Originally Posted by Mike Johnson
Doesn't the 'reward' and the 'filming for Youtube' sort of drain the sincerity from a good deed. Certainly the recipient of said deed will still benefit, but when the whole purpose for the good deed existing in the first place is a) potential financial gain for the deed performer b) self-promotion for the award giver(Jungleman) it seems a little off.
I never thought good samaritans plotted, strategized and filmed being good samaritan's, they just were. In fact, doesn't a 'good deed' by definition require sacrifice, not personal gain?
I'm probably wrong here but first thing that popped into my head.
While I totally understand your reaction, I think you're being a little overly-cynical. Many many good deeds are rewarded in one way or another, and it encourages people to continue (or start) performing them. People are rewarded with money (tax breaks for charitable donations), recognition (key to the city and a parade), sex (hot girl will think you're awesome if you save a cat from a burning building), happy feelings (seratonin release in the brain), quid pro quo good deeds ("you paid for lunch last time, I got this one, buddy."), friendship & an increased sense of community, and plenty more. It's these incentives that drive our desire to perform good deeds, even if we don't consciously realize why we're doing it.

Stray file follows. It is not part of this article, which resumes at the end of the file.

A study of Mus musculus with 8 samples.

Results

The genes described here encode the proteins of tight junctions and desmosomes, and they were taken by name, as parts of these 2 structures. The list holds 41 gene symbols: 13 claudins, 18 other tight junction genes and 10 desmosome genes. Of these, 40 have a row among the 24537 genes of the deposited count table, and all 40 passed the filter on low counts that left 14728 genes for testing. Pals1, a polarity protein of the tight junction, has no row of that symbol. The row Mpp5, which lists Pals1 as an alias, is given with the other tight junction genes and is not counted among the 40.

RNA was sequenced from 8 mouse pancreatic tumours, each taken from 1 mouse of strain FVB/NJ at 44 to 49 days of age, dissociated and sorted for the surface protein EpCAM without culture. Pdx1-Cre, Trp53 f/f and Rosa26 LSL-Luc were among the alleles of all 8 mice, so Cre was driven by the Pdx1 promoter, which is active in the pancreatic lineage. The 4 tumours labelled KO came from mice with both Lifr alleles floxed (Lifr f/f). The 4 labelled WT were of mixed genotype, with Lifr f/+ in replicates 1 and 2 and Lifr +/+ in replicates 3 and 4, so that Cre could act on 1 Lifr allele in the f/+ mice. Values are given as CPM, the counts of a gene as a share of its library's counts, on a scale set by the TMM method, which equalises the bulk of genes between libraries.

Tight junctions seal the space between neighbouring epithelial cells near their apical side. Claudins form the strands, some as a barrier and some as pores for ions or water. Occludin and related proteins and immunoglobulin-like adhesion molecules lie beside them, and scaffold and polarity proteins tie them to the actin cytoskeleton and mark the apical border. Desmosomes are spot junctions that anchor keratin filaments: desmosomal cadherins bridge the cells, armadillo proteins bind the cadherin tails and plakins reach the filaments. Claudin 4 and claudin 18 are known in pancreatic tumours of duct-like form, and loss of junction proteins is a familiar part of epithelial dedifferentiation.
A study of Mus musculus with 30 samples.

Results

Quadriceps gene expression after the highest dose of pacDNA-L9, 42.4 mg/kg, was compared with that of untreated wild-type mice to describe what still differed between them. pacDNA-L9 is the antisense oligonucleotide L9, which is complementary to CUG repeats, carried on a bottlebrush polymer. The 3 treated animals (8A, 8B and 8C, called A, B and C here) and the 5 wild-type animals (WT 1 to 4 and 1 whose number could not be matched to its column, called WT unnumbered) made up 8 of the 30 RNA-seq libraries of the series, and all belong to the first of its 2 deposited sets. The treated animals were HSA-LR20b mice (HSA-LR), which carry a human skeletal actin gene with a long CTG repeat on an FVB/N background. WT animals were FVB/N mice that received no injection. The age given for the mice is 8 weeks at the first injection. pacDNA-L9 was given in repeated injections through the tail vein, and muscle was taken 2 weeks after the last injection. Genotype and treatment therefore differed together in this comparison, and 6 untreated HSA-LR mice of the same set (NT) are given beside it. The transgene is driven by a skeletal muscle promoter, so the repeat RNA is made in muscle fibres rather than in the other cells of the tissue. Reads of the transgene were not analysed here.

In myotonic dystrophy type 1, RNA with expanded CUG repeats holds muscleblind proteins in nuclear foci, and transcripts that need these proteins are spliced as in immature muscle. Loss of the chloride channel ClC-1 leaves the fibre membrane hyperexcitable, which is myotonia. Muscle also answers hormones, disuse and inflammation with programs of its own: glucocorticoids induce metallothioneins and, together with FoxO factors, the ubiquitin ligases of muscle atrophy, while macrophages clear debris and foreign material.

I see absolutely nothing wrong with what JM is doing, and I applaud him for doing so. It's like if a big corporation offered a million dollar reward for anyone who can invent a better way to provide water to villages in dry climates. Do we say "How dare you! People should invent better ways to provide water to villages on their own!"? Of course not. Rewards incentivize people to perform good deeds creating a win-win-win-win situation. IMO rewarding a good deed does not diminish it.